Overview of the Gospel of MarkQUESTION: What is an overview of the gospel of Mark?ANSWER:
An overview of the gospel of Mark includes biographical information about the author. We know, for example, that Mark came from a wealthy family who very likely hosted meetings of early Jerusalem believers, including the Master's Passover Supper (Mark 14:12-16, Acts 1:13, 12:12). It's possible that the young Mark followed Jesus and the disciples from his house to the Garden of Gethsemane, where he escaped capture only by fleeing naked when temple soldiers snatched at the linen sheet he wrapped around himself (Mark 14:51).
We also know that Barnabas, who first led, then accompanied Paul on the first missionary journey, was a nephew of Mark's mother and therefore Mark's cousin (Colossians 4:10). Both Paul and Barnabas esteemed Mark worthy enough to accompany them when they left Jerusalem for Antioch after the famine-visit (Acts 11:27-30, 12:25); and when they began their first missionary journey (Acts 13:5).
An overview of the gospel of Mark wouldn't be complete without a look at Mark's spiritual life. A significant failure early in his ministry led to other problems before he began a recovery with personal and spiritual maturity. Whatever the reason, he deserted the missionaries when they arrived at Perga in Pamphylia after leaving Cyprus (Acts 13:13). That reckless irresponsibility led to a bitter dispute between Paul and Barnabas when Barnabas wanted his cousin as part of the team for the second missionary journey, and Paul refused (Acts 15:36-39). Barnabas and Mark sailed away to evangelize Cyprus, and neither is mentioned again in Acts. Mark remained active in ministry, however; a decade or more later, A.D. 60, Paul favorably mentioned Mark in Colossians 4:10. At the end of Paul's life, A.D. 67, he had become convinced of Mark's usefulness in ministry.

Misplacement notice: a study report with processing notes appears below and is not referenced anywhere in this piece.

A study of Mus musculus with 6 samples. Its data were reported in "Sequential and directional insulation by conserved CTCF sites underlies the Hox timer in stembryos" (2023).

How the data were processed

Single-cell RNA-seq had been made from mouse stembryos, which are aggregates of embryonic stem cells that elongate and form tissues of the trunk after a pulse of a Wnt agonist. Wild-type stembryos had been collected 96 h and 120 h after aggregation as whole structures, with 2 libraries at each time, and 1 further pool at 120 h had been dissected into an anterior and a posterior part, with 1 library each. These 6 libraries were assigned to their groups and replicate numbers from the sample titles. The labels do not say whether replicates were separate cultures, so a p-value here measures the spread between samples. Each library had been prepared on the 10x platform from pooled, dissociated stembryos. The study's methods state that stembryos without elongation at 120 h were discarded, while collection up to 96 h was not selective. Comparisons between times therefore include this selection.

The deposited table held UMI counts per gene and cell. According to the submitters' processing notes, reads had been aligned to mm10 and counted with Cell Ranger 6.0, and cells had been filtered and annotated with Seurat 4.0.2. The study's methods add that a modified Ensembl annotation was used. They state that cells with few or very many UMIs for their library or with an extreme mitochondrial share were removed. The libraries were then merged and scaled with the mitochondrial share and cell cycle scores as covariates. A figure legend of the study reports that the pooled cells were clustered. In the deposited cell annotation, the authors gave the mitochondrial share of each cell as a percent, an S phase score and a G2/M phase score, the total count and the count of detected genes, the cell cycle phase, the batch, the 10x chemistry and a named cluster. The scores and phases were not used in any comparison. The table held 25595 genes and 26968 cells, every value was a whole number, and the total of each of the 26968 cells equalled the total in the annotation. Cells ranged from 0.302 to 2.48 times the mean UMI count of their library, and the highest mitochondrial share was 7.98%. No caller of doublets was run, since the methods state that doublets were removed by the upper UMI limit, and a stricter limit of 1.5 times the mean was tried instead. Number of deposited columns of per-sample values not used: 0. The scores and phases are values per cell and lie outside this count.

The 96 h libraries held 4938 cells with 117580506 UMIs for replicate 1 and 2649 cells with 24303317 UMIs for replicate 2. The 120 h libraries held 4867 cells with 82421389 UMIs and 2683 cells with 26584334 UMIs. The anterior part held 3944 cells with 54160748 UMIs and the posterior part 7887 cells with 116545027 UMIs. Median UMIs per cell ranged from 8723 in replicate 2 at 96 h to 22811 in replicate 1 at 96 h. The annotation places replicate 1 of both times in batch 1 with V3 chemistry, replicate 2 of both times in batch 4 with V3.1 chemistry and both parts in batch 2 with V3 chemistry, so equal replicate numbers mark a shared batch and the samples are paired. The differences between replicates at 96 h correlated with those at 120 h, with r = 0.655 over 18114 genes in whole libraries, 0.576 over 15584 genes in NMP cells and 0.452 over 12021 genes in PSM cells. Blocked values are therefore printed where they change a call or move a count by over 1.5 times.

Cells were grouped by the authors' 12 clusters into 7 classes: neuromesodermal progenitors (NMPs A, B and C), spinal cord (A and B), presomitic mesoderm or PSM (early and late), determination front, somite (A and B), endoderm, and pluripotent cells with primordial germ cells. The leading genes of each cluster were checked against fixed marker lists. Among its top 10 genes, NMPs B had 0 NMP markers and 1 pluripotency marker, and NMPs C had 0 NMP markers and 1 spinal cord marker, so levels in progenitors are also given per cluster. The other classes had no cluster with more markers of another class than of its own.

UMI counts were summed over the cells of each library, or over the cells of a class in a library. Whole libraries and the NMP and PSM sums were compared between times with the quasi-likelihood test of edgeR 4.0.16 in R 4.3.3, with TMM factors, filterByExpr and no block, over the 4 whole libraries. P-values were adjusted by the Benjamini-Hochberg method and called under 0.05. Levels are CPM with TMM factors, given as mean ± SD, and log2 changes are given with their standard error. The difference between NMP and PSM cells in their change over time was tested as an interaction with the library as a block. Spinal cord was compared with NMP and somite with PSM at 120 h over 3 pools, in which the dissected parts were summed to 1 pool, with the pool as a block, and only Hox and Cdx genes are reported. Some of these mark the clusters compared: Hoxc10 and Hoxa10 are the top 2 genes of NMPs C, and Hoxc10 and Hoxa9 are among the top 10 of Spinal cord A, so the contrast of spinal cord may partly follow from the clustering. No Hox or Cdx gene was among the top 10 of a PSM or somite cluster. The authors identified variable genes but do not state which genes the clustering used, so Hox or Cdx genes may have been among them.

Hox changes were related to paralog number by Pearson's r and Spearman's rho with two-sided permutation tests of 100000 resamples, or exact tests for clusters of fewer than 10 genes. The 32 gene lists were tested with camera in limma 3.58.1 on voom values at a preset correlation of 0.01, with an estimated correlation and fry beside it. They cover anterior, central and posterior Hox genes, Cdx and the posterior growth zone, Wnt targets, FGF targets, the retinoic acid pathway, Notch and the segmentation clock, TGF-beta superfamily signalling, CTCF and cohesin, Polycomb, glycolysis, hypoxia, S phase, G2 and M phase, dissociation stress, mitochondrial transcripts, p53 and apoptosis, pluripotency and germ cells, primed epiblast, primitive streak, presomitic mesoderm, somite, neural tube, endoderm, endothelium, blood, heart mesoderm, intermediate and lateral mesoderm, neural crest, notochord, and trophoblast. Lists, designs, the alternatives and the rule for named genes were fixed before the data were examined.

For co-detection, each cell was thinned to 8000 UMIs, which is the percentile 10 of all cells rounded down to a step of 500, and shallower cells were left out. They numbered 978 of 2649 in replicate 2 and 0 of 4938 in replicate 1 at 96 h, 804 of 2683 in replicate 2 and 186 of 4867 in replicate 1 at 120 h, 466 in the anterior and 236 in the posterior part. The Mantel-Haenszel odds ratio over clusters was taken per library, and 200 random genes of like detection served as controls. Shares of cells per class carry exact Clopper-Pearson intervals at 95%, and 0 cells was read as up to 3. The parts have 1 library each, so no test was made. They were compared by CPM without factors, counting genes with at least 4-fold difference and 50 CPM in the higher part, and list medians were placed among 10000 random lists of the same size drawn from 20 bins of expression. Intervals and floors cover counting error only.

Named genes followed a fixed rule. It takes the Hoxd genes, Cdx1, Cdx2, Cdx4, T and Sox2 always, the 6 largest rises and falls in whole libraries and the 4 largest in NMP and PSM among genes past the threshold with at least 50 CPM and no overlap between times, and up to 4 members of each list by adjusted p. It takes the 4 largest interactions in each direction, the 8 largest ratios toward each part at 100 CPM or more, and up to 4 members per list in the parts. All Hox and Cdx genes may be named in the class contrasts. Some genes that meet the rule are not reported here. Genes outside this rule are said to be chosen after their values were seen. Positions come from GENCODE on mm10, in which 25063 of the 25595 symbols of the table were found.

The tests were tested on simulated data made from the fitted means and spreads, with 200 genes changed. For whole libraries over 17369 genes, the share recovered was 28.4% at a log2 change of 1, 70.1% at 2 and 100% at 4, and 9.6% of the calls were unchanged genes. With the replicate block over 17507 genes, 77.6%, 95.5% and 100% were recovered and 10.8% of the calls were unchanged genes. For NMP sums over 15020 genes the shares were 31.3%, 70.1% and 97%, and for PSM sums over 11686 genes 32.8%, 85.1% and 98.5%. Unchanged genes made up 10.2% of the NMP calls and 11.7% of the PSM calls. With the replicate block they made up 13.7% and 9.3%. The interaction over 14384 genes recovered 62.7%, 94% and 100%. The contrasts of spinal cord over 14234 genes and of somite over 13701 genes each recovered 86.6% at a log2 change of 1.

An overview of Mark's Gospel also includes its historical background. Written sometime between the late 50's, to the middle 60's, many consider it the first gospel composed. Writing from Italy, and explaining Jewish customs (Mark 7:2-4, 15:42), and translating Aramaic terms (Mark 3:17, 5:41, 7:11, 34, 15:22), Mark targeted Gentiles. Aramaic was a language closely related to Hebrew. The occasion prompting his production was the persecution of Nero. Its purpose was to present Jesus Christ as God's vigorous, energetic Son, a man of action, who specialized as a teacher of Israel.